Written by JD Arnold
Illustrated by Rich Koslowski
BB Wolf has the blues, and he's got it bad. Music is the only thing he has left, and even that's about to be taken away. Like many others who sing songs of regret and loss, Wolf has a story to tell, and he's going to sing it out one last time, even if no one is listening. This, in brief, is his tale:
The world is a hard place for a wolf. Trying hard to stay alive in a world of pigs who hate and fear him, Wolf's only consolations are his music, his whiskey, and his family. Though he'd probably not admit it, the latter is the one most important to him. It's a rotten life, but Wolf deals with it--until the pigs want his land.
When the Pigs use legal trickery, Wolf and his friends fight back. At first it seems like the wolves might win, but in the end, the Pigs have the power--and the willingness to do terrible things--to get their way. With nothing left to lose, BB Wolf takes matters into his own hands. Forced to take revenge the only way he knows how, Wolf works his way through a system rotten to its core, vowing to blow it down.
The bulk of the book explores BB Wolf's attempts to get at the root of the Littlepig family, encountering all the problems that a minority figure with no resources might have and showing what happens when you push a man, er, wolf, too far, their only recourse is to strike back. Arnold cleverly uses the original story turned on its ear to show just how horrible life can be for the powerless and oppressed, and it works perfectly.
I had the pleasure of briefly speaking to Mr. Arnold when I picked up this book at the Baltimore Comi-Con. He described the book as having a condemnation of racism, but that really didn't process for me until I started reading the book. I'd never in a million years think of using the story of the Big Bad Wolf as a way to show the plight of African Americans in the early 20th Century, many of whom would have been seen as being as undesirable as as wolf in the land of pigs.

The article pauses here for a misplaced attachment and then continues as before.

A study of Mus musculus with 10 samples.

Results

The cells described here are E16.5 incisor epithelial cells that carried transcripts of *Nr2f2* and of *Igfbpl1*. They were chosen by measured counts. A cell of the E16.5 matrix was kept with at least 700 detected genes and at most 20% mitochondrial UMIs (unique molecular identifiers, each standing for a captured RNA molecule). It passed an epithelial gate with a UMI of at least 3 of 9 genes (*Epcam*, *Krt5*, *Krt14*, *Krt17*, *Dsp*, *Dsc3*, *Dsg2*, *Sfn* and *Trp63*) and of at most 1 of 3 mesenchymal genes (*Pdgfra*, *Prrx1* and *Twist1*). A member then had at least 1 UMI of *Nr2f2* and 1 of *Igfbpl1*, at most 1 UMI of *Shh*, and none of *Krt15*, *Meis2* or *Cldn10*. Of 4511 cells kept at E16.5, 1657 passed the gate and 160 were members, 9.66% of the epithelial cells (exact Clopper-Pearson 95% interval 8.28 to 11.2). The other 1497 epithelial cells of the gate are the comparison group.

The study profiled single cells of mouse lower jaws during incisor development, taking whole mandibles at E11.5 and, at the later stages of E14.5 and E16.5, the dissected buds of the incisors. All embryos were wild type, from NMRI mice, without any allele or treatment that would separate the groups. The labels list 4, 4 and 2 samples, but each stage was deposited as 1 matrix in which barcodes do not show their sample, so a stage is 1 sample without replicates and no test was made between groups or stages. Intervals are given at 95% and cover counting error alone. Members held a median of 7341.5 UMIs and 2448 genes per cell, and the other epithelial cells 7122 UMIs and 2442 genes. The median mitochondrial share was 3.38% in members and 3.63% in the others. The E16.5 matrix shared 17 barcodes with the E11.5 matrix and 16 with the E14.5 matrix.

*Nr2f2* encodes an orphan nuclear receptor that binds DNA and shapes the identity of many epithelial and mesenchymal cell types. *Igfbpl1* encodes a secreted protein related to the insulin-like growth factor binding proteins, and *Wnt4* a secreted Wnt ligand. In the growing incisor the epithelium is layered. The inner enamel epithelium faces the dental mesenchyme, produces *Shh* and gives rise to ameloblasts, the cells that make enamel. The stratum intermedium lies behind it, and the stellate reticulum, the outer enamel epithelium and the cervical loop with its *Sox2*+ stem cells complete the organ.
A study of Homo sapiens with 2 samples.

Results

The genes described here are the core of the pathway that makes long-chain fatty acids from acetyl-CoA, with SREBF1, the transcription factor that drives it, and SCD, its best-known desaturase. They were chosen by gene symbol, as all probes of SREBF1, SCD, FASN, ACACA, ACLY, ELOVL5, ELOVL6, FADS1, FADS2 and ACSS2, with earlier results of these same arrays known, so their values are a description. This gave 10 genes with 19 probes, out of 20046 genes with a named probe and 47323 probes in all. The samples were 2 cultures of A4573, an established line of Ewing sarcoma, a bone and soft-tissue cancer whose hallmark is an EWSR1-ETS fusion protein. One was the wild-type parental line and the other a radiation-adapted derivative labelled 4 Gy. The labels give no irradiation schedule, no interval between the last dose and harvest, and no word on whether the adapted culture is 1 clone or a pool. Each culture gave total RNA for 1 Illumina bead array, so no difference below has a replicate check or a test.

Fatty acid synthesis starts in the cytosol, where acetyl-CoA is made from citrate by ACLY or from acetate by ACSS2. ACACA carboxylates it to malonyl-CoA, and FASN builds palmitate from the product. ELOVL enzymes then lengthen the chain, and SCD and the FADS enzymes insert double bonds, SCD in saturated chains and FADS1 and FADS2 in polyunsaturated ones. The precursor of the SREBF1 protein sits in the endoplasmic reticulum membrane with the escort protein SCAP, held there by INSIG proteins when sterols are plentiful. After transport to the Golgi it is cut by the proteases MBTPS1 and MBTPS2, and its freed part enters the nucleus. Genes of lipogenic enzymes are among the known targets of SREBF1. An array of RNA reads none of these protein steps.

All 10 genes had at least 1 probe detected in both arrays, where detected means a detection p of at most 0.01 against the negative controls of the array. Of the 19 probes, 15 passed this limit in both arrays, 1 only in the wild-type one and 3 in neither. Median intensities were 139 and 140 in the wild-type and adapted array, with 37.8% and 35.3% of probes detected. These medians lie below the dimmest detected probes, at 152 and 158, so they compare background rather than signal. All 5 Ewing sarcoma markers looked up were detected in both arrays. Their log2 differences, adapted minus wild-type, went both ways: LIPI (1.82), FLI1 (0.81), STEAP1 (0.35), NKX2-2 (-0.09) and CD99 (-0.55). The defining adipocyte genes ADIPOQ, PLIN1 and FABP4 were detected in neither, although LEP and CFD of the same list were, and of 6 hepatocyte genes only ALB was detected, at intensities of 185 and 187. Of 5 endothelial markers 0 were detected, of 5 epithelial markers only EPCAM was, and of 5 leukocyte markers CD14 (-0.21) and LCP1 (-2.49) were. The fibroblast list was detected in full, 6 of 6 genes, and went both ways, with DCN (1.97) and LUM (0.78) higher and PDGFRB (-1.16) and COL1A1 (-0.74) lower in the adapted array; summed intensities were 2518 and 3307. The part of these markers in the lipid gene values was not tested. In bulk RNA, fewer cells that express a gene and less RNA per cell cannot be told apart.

There is no mistaking the allegory Arnold is going for. The Pigs are white landowners still smarting from the ending of the slavery system, using their positions of power to abuse and manipulate African Americans. This is only reinforced by references to the PPP and discussion of keeping the wolves away from the pig population. There's even the racism-within-racism where some pigs are better than others. The justice system is run by pigs, and the church goes along, in the name of peace. Wolf is chastised for not repenting of his sins, when all he did was fight back when his family was ruined. There's even a historical note in the back that mirrors the plight of African Americans trying to find their own history, buried in the lies written by the white press.
In some hands, this would not have worked at all. I tend to be a bit leery of message stories like this, but Arnold avoids the traps primarily by making his purpose loud and clear. This is not a thinly-veiled commentary, but an open condemnation. Using the Wolf as the victim, Arnold shows that what we are led to believe is not always the truth. That's the message this book sends to its readers, and whether or not you are receptive to it might just say something about you personally.
This book clearly has its roots in a healthy dose of research. Wolf's story takes him to East St. Louis, through wolf mobs controlled by pig interests, shows shady dealings, and even that racism was not confined solely to the south. All the while, he sings the blues, a musical style that links directly to the painful past that the wolves/African Americans share. It's constructed so well from start to finish, and I'd love to see more work from Arnold in the future.
Part of BB Wolf's excellence comes from Koslowski, who uses his greyscale tones to good effect in this story of desperation, greed, and loss. Everything has a bit of grime to it, and everyone is grizzled and weathered, particularly the wolves. The settings are dingy, almost falling in as you turn the page, yet they have a level of detail that captures the time period perfectly.
The best part of his art, however, are the characters. Each wolf has their own, distinctive look, fitting their roles in the story. The pigs look evil from the word go, but even they are easily told apart. Despite dealing with animals, Koslowski finds a way to make their faces feel genuine emotion, from joy to rage to despair to pain. He changes angles, bares teeth, shifts body position, and any number of other tricks to keep us involved in the action. These are living, breathing characters acting out a tragedy before the reader's eye. Because we feel like these animals are people, when we come to the violent parts of the book, the reader is actually shocked by the murders, even as we sympathize with them.
BB Wolf and the 3 LPs is a stunning work of political commentary that tells its story so effectively it overcomes the problems anthropomorphic comics often face, all without feeling ham-handed. Arnold and Koslowski have taken the re-imagined fairy tale to new heights with this book. It tells a great story, makes you think, and keeps you lingering over its pages. I can't ask for anything else in a comic, and neither should you. This one gets my highest possible recommendation, and definitely makes my favorites list for 2010.